Autistic Spectrum Disorder

Introduction

Autism or autistic spectrum disorder is a neurodevelopmental disorder characterized by qualitative impairments occuring in a child before the age of 36 months, in three key areas; social interaction (often the earliest features of Autistic Spectrum Disorder-ASD), communication, interests and activities.
The clinical presentation is varied and may encompass children with severe manifestations of the above features or with more subtle behavioural deficits, hence the use of the term Autistic Spectrum Disorder.
Learning disability in this condition is very common and the risk of epilepsy is significant..

Causes of autistic spectrum disorder

  • No clear aetiology
  • Genetic

Symptoms of autistic spectrum disorder

The following are the symptoms of autistic spectrum disorder

  1. Absence of joint attention (i.e. failure to show interest, follow gaze, lack of social smiling and limited use of gestures e.g. shaking head, waving or clapping)
  2. Communication deficit
    • Receptive: fails to acquire language or delays in understanding language
    • Expressive: delays in use of language Limited range of interests (limited play with toys and other objects)
  3. Repetitive activities (e.g. spinning objects)
  4. Global developmental delays (e.g. walking, speech etc.)
  5. Learning difficulties
  6. Attention deficit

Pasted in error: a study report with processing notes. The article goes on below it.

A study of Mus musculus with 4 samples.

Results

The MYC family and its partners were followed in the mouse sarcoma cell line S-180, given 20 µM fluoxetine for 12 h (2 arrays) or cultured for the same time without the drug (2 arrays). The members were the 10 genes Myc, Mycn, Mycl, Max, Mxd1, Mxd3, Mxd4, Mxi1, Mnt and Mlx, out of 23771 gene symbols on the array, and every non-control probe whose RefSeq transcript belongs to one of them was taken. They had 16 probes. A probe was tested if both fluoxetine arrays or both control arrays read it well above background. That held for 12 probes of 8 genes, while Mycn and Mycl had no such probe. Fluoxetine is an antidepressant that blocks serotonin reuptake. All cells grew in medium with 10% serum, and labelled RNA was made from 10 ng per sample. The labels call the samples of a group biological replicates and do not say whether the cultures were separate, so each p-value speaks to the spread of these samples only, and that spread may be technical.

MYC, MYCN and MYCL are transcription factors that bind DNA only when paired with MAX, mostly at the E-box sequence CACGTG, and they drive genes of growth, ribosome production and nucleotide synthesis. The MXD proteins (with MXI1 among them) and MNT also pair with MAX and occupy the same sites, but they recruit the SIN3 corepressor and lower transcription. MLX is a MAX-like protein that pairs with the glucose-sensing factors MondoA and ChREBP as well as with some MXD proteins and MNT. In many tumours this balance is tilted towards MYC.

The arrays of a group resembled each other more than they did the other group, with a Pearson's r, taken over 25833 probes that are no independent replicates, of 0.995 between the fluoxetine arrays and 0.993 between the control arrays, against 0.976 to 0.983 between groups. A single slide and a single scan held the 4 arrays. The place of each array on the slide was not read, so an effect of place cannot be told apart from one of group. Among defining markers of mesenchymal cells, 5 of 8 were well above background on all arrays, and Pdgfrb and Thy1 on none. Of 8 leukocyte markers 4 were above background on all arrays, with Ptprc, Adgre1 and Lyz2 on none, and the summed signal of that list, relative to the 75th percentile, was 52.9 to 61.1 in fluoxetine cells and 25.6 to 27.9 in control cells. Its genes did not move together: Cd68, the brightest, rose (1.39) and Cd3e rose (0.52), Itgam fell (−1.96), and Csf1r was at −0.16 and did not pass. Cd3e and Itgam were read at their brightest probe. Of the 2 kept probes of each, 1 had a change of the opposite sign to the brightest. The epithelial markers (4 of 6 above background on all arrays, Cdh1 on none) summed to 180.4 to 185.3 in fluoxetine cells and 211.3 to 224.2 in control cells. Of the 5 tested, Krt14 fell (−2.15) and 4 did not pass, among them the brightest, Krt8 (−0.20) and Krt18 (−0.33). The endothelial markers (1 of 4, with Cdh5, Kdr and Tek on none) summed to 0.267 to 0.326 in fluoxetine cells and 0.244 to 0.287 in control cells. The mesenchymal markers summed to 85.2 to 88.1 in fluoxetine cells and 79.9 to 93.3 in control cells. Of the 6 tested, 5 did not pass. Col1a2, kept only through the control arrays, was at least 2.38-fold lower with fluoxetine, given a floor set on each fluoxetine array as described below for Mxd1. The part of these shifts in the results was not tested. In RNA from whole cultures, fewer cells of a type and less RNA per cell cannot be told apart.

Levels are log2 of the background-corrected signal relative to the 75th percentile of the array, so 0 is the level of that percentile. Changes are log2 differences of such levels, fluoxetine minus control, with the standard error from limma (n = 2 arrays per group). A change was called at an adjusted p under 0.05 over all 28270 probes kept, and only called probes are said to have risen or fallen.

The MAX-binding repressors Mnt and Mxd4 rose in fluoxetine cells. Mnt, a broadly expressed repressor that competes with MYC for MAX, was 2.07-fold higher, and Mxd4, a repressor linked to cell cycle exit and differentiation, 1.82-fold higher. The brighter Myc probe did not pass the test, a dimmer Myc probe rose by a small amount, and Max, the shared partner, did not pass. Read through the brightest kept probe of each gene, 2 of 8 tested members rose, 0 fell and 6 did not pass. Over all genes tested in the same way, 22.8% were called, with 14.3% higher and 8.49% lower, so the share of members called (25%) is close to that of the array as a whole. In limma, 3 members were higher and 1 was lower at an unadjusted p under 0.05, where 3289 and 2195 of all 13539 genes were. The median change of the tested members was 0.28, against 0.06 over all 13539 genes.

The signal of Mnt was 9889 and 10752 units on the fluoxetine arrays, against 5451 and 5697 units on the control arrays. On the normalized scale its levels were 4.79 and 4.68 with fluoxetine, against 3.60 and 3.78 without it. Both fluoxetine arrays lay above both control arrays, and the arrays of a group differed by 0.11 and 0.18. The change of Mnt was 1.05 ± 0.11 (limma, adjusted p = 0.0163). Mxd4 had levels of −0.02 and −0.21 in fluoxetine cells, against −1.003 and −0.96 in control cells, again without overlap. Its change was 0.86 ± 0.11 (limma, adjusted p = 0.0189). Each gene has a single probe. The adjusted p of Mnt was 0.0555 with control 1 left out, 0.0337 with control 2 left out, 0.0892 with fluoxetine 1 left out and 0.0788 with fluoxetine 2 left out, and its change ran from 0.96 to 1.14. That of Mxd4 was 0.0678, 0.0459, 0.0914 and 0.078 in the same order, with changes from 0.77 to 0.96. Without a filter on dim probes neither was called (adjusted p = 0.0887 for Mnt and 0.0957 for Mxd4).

7. Sleeping difficulties
  8. Feeding difficulties

Signs of autistic spectrum disorder

  1. The signs of autistic spectrum disorder include the following:
  2. Lack of pointing to objects by 24 months
  3. No single words by 18 months
  4. No two word spontaneous phrase by 24 months
  5. Loss of language
  6. Avoidance of eye contact

Investigations

Usually none required

  • Electroencephalogram (EEG) if seizures suspected
  • Brain CT or MRI only in special circumstances e.g. abnormal physical features present

Treatment for autistic spectrum disorder

Treatment objective

  • To correct social communication difficulties using a multidisciplinary behavioural and educational approach

Non-pharmacological treatment

  • Applied Behaviour Analysis (ABA) teaching based on teacher request, prompt assistance to child, child response and feedback

Pharmacological treatment

A. For aggression, irritability or self-mutilation

Evidence Rating: [B]
Risperidone, oral,
Children

  • 5-18 years (body weight > 50 kg); 0.5 mg daily. May increase by 0.5 mg on alternate days (max. 1 mg daily)
  • 5-18 years (body weight < 50 kg); 0.25-0.5 mg daily. May increase by 0.25 mg on alternate days (max. 0.75 mg daily)
  • < 5 years; Not recommended

B. For sleep problems

Evidence Rating: [B]
Melatonin, oral,
Children 1 month-18 years;

  • 2-3 mg daily (before bedtime) then increase if necessary after 1-2 weeks to 4-6 mg (daily before bed time) max. 10 mg

C. For significant hyperactivity-in children ≥ 4 years

Evidence Rating: [B]
Methylphenidate, oral,
Children

  • 6-18 years; 5 mg 12-24 hourly; then increase if necessary at weekly intervals by 5-10 mg (max. of 20 mg 8 hourly)
  • 4-6 years; 2.5 mg 12 hourly then increase if necessary by 2.5 mg at weekly intervals (max. 0.4-0.5 mg/ kg 8 hourly)

Note

Discontinue if there is no response after a month

Referral Criteria

  • All suspected cases of autism should be referred to a Tertiary centre.